Social Studies Research and Practice
Volume 5, Number 2, Summer 2010
Hmong Adolescent Conceptions of Citizenship
Annettte M. M. Simmons
University of Minnesota
The purpose of this qualitative, interpretive, study is to help us better understand how a small group of Hmong immigrant adolescents conceptualize their political and civic citizenship in the United States. Three focus groups including a total of 18 Hmong middle/junior high school adolescents were carried out in order to garner data. Upon data analysis and interpretation, it was determined that study participants consider rights and responsibilities important to citizenship in a democracy and participate in various social, political, academic, and environmental activities. Study participants emphasize the community good over personal self-interests. As Hmong culture tends to be more collectivist in nature, this value orientation may be incompatible with the curriculum, instruction, and philosophy that students experience in public schools: Hmong youth may experience educational disadvantage. Adolescents in this study are developing their conceptions of citizenship within a racialized, hierarchical society and they explained their experiences with racialization and how they understand white privilege.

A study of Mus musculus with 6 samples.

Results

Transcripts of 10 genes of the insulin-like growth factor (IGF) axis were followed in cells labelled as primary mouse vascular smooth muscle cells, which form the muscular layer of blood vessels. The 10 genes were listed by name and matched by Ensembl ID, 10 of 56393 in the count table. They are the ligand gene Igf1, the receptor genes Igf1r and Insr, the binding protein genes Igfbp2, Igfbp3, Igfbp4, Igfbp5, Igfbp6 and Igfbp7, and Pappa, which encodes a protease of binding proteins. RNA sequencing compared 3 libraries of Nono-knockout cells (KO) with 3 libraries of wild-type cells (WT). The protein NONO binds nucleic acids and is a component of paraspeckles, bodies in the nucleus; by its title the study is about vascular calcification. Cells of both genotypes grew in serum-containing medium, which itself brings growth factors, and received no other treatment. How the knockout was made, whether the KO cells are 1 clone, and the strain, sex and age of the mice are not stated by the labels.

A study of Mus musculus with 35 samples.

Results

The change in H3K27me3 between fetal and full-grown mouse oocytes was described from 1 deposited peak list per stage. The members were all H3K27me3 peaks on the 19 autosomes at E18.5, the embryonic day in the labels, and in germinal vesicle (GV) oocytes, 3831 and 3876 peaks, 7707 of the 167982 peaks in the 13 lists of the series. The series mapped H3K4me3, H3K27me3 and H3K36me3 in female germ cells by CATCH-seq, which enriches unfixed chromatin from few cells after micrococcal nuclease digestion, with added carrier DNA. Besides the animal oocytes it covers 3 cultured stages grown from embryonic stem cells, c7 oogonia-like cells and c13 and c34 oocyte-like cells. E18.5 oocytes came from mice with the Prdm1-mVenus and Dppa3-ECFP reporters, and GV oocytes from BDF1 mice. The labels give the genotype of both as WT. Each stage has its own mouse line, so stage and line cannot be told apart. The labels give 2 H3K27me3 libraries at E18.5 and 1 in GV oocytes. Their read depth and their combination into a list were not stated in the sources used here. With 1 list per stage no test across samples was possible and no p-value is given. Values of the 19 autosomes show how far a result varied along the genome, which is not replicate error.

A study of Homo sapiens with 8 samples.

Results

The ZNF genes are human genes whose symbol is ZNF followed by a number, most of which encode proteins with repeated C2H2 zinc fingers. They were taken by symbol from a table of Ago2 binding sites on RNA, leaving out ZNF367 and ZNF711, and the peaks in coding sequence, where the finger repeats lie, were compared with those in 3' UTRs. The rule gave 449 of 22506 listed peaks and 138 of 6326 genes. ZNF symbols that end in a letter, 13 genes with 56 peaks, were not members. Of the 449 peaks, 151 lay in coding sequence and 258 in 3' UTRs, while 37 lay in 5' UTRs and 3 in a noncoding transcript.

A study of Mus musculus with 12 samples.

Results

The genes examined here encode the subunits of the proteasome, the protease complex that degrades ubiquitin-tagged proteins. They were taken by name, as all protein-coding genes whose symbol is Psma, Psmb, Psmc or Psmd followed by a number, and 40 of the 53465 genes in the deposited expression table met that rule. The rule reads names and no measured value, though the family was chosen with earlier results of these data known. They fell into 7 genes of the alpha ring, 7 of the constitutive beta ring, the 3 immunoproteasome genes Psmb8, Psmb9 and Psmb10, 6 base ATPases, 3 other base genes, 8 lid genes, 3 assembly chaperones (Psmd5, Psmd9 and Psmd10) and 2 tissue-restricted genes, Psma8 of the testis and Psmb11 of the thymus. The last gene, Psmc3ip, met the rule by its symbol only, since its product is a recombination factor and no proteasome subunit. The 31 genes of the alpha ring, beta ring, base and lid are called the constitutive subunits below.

About the Author(s)…
Annette M. M. Simmons, doctoral candidate in the Department of Curriculum & Instruction at the University of Minnesota, and a former middle school social studies teacher. Her research interests include civic education, political socialization, international & middle level social studies education, & staff development. She can be contacted at email@example.com.
Citation for this Article: Simmons, A. M. M. (2010). Hmong adolescent conceptions of citizenship. Social Studies Research & Practice, 5(2), 23-46. Retrieved from http://www.socstrp.org/issues/PDF/5.2.4.pdf.